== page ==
Tree Planting Honors University’s Century of Service to Rotary


A black gum tree was planted and a decorative stone and plaque next to it were unveiled marking the partnership the University and Rotary have shared for 100 years. The tree, which will produce Redhawk-red fall foliage, commemorates 100 years of dedicated and selfless service to Rotary by the University’s faculty, staff, administration and alumni.

“We are extremely appreciative of the Cape Girardeau Rotary Club and the Cape West Rotary Club for their gift of this tree that not only marks this milestone but also forever symbolizes the impact of Rotary on this community and Southeast Missouri State,” said Dr. Carlos Vargas, president of Southeast Missouri State University.

To celebrate their 100-year anniversary, the Rotary Club planted 100 trees in the past year honoring their founder, Paul Harris, and the Rotary’s positive impact in local communities around the world. The tree at Southeast is the 101st Friendship Tree to be planted by the Rotary Club, said U.S. District Court Judge Stephen N. Limbaugh Jr., co-chair of the Cape Girardeau Rotary Centennial Celebration.

“What perfect place it is to have the 101st tree here in front of Academic Hall and by the American flag to commemorate the services of more than 50 Rotarians who have also been University faculty and administrators over the course of 100 years,” he said. “From that number, seven Rotarians were also university presidents, including Dr. Vargas. Five more of those university faculty and administrators were district governors. And so our idea was to plant the 101st tree right here. It is going to be a beautiful tree as it grows up—a magnificent tree—and hopefully it’ll last another 100 years.”

The University appreciates the Rotary’s dedication to the campus community, Vargas said.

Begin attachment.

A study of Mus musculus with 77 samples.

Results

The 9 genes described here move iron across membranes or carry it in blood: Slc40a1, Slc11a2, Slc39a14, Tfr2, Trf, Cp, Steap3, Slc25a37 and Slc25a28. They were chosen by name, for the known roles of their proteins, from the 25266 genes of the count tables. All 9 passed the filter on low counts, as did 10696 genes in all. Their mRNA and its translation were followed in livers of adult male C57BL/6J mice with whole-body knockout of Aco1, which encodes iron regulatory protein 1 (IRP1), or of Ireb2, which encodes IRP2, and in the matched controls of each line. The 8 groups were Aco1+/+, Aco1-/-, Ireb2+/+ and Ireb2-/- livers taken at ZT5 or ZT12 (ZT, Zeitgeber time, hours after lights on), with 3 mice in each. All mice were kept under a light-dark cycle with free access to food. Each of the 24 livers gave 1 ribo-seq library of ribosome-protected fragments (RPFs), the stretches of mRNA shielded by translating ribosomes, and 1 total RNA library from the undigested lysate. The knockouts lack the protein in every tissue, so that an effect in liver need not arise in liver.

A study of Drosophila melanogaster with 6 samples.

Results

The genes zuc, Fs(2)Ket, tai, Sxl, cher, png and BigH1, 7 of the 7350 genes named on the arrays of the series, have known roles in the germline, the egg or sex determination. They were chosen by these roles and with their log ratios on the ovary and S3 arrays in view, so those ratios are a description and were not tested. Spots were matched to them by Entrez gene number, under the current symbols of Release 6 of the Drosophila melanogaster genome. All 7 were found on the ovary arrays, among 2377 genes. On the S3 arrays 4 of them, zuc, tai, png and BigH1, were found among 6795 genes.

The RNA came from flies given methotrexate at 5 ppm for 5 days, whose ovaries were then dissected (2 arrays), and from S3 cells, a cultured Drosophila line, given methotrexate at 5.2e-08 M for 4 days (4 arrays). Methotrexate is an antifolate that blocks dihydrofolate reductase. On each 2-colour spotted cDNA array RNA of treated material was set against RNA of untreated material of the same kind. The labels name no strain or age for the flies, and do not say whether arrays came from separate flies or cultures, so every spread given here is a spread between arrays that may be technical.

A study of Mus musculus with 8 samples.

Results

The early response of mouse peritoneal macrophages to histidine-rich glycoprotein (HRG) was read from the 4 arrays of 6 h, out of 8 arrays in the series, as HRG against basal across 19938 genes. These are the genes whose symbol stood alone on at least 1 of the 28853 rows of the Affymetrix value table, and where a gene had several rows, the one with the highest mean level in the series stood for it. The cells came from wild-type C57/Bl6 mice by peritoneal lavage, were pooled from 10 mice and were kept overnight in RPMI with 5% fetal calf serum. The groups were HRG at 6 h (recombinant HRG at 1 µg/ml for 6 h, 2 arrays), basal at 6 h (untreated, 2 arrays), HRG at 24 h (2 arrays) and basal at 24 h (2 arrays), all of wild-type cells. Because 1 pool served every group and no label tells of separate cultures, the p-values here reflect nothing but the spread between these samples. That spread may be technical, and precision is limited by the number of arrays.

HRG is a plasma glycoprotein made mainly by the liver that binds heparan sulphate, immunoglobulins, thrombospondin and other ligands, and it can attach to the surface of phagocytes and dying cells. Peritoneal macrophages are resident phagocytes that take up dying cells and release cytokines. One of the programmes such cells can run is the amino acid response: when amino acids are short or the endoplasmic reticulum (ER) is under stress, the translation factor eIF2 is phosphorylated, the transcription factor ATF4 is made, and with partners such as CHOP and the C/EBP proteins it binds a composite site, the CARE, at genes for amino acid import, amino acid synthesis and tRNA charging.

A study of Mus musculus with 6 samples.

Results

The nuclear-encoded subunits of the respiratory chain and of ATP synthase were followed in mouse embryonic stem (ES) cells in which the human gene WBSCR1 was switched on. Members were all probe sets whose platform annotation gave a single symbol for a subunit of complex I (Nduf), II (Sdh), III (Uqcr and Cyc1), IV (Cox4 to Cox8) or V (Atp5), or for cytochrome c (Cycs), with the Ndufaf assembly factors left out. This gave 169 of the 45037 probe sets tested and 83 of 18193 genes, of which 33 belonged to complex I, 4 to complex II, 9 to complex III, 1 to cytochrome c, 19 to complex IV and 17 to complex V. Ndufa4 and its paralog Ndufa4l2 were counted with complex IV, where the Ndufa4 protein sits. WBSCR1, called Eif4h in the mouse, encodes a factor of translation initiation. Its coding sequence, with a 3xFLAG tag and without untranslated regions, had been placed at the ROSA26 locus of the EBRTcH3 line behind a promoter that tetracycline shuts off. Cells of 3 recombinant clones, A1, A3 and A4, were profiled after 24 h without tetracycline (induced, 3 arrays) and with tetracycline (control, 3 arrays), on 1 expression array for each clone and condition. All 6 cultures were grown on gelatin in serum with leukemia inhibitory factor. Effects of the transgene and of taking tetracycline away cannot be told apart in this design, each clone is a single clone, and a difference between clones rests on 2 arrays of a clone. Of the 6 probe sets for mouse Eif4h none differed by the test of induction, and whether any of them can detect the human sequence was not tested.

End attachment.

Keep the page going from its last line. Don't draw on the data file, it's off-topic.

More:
“For many years, Rotary has supported our students with scholarships that have helped so many achieve their college dreams. Their dedication to education in Cape Girardeau is truly a hallmark of Rotary, and my hope is that this partnership will continue to blossom with scholarship support into the future,” Vargas said. “We also look forward to the launch in the near future of a student Rotaract Club on our campus, offering our students the opportunity to exchange ideas with community leaders and develop their leadership skills through service. Southeast Missouri State University appreciates Rotary’s longstanding commitment our institution.”

Photo Caption: From left, Jim Riley, founder of Red Letter Communications, business entrepreneur and community leader; Ross McFerron, attorney with Osburn, Hine, Yates and Murphy, LLC, and president of the Cape West Rotary Club; Dr. Debbie Below, vice president for enrollment management and student success at Southeast; Dr. Robert Gifford, Southeast professor emeritus of music and president of the Cape Girardeau Rotary Club; the Honorable Abbie Crites Leoni, U.S. Magistrate Judge, president of the Southeast Missouri State University Alumni Association and co-chair of the Cape Girardeau Rotary Centennial Celebration; Dr. Carlos Vargas, president of Southeast Missouri State University; Honorable Stephen N. Limbaugh Jr., U.S. District Court Judge and co-chair of the Cape Girardeau Rotary Centennial Celebration; Mary Bennett, retired executive assistant at SoutheastHEALTH; John Niswonger, district sales manager at Colonial Life Ins. Co. and chair of the Rotary Club Tree Planting Program in Cape Girardeau; Dr. Trudy Lee, interim vice president for University Advancement and executive director of the Southeast Missouri University Foundation; Dr. Ken Heischmidt, professor of management and marketing at Southeast; Dr. Bill Eddleman, Southeast professor emeritus of biology and associate director of the State Historical Society of Missouri; Dr. Kevin Timlin, executive director of International Education and Services at Southeast; Doyle Privett, former Southeast Regent; Dr. Brooke DeArman, international student counselor with Southeast’s International Education and Services; Joe Niswonger, associate development manager at Colonial Life Ins. Co.